Some of the most commonly used affirmations — phrases like “You’re the best” — are actually damaging to our own potential, as well as to the people around us.

It all comes down to the implicit message behind the praise — a message that we usually don’t even realize we’re conveying.

Shawn Achor, M.A., a New York Times bestselling author, says that when giving compliments, people often use language that lifts up one person at the expense of others. He calls this “comparison-based praise.” Phrases like “the best,” “the smartest,” and “the funniest” are some examples.

“We have been taught that we live in a survival of the fittest world, so we praise the wrong way — using comparison-based praise, we lift up one by diminishing another, creating a hierarchy,” Achor tells Thrive.

Arthur Markman, Ph.D., a psychology professor at the University of Texas at Austin, agrees. “Praise like ‘the best’ is not just praise of an individual, but a social comparison,” Markman tells Thrive. “When you publicly state that one person is ‘the best,’ then you’re lining up everyone else behind them.”

Comparison-based praise also subconsciously limits the recipient by framing his or her success as a new standard of achievement — and pressures that person to continue meeting the same level of success in each future endeavor.

“The worst piece of praise I’ve received after a talk is, ‘You were the best speaker today,’” Achor writes in Big Potential: How Transforming the Pursuit of Success Raises Our Achievement, Happiness and Well-being. “What’s so bad about that? First of all, it undercuts all the other speakers. Moreover, it reminds me of the fact that in many other cases I won’t be the best speaker, so now I feel nervous and self-conscious. Instead of enhancing me, this comment unbalances me in the future.”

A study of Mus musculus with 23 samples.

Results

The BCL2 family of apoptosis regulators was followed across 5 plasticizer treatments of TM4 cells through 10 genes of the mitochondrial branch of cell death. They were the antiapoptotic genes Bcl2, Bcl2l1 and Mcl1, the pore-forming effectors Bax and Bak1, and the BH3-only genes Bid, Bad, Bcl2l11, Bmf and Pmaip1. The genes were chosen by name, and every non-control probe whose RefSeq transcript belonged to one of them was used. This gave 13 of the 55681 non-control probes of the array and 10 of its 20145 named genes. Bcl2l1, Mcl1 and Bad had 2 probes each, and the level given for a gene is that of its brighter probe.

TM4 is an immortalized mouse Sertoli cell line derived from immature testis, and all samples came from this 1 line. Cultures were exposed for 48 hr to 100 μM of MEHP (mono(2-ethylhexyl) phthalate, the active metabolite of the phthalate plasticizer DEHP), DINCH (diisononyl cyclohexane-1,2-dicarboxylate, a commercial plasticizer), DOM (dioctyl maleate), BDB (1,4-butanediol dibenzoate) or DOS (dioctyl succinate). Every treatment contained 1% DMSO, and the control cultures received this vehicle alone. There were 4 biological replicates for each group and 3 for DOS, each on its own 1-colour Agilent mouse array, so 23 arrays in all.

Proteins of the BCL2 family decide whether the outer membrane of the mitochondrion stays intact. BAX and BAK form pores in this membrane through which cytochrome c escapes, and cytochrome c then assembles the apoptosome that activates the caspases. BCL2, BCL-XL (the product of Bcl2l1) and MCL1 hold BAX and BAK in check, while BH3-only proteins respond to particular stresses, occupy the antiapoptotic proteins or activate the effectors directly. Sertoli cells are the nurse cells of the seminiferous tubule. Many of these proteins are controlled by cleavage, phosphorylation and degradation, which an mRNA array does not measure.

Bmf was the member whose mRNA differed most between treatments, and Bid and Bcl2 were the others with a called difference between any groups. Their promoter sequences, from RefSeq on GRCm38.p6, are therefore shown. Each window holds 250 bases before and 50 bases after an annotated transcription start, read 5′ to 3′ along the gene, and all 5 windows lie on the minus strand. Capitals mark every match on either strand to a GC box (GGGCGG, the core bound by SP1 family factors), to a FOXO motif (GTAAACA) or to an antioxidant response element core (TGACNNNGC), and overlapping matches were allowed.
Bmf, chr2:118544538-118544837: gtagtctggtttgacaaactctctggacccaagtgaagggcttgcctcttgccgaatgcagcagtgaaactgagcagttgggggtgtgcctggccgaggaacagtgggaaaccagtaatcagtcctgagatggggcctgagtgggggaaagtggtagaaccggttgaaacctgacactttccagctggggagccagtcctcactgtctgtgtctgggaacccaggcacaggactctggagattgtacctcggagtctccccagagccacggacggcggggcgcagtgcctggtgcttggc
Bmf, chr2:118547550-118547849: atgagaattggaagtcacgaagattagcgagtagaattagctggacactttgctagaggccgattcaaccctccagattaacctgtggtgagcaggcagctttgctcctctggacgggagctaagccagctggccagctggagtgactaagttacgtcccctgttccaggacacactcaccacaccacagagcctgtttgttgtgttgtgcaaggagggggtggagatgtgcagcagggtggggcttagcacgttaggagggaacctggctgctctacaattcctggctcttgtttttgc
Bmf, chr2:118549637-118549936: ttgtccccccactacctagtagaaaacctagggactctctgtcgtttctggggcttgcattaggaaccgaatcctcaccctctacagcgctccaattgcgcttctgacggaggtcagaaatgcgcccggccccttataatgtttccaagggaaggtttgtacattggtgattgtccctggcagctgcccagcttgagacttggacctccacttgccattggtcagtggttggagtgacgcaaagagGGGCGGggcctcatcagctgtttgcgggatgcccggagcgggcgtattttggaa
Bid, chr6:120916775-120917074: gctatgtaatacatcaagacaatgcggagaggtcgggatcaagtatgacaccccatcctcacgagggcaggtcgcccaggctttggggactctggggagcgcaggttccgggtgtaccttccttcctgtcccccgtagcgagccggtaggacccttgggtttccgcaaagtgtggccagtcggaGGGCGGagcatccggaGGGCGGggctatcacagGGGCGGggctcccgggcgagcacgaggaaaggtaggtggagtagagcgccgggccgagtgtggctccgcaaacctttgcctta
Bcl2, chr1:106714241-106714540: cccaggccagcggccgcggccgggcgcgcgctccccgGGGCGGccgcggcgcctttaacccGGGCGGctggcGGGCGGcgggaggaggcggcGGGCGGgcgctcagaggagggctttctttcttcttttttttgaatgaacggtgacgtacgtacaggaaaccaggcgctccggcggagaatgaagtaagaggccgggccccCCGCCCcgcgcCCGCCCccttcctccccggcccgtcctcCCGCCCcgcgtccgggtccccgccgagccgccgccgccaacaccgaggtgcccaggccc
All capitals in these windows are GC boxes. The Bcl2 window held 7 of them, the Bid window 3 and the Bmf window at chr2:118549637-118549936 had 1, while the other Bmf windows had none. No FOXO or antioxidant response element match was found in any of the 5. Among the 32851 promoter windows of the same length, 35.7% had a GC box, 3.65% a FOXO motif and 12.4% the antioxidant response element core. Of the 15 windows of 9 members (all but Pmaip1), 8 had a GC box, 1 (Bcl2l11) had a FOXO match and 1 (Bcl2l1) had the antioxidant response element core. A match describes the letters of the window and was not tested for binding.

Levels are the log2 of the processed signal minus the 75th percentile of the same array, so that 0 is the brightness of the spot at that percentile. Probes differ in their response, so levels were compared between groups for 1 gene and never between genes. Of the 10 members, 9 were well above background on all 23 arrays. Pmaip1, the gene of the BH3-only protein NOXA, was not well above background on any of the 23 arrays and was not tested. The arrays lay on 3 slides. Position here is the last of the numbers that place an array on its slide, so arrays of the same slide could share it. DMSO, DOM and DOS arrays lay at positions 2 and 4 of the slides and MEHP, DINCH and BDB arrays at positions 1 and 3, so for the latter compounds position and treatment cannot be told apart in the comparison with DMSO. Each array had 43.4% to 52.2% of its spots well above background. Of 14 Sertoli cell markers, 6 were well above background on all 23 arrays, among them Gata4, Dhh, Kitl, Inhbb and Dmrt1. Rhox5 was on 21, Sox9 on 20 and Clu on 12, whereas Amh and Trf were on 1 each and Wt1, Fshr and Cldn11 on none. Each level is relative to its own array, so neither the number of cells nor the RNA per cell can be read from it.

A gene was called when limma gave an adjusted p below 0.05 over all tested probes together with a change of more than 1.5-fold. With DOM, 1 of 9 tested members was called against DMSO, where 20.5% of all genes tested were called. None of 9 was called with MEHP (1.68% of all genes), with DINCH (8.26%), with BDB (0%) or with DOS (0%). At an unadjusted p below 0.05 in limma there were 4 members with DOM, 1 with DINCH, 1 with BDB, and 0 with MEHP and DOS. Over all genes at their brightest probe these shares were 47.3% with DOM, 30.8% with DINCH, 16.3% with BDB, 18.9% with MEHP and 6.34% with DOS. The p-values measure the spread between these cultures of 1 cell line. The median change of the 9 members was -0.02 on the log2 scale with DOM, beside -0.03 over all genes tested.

Even worse, this language sets mental limitations on achievement. After all, if you’re already “the best,” what more is there to strive for?

Instead, give authentic compliments — here’s how.

A more effective method of praise is to focus on what someone did well during a certain activity. For example, if a colleague gave a stellar presentation, compliment the strength of her delivery, or share how her words inspired you, treating it as an opportunity to compassionately and directly share your feedback with them. Placing an emphasis on how someone executed an activity avoids tying their self-worth to a single achievement, which gives that person the space to learn and continue growing.

“Praising effort is important. When you truthfully praise someone’s effort, you are recognizing the hard work they are doing to improve themselves,” Markman says.

To put this into practice, Achor recommends eliminating “-est” superlatives, like “best,” “smartest,” and “funniest,” and avoiding comparisons when doling out praise. He also stresses the importance of remembering that praise has the potential to benefit everyone involved — not just the recipient. After all, it’s most important to pay attention to your internal value of yourself, not just external values.

“We have been trained to compete, ignoring that the predominance of research shows that the height of your potential is connected to others,” Achor tells Thrive. “If you aren’t enhancing those around you, you are limiting your own potential.”

This goes hand in hand with surrounding yourself with positive, driven people. When we support, challenge, and lift each other up, we pave the way for more positivity and productivity all around.

“The research I’ve been doing over the past five years shows that the more you can authentically shine praise on everyone in your ecosystem, the more your potential, individually and collectively, rises,” Achor writes.

When we look at praise as an opportunity to not only build up others, but also to shine even brighter ourselves, everyone is able to thrive — and the opportunity for achievement is limitless.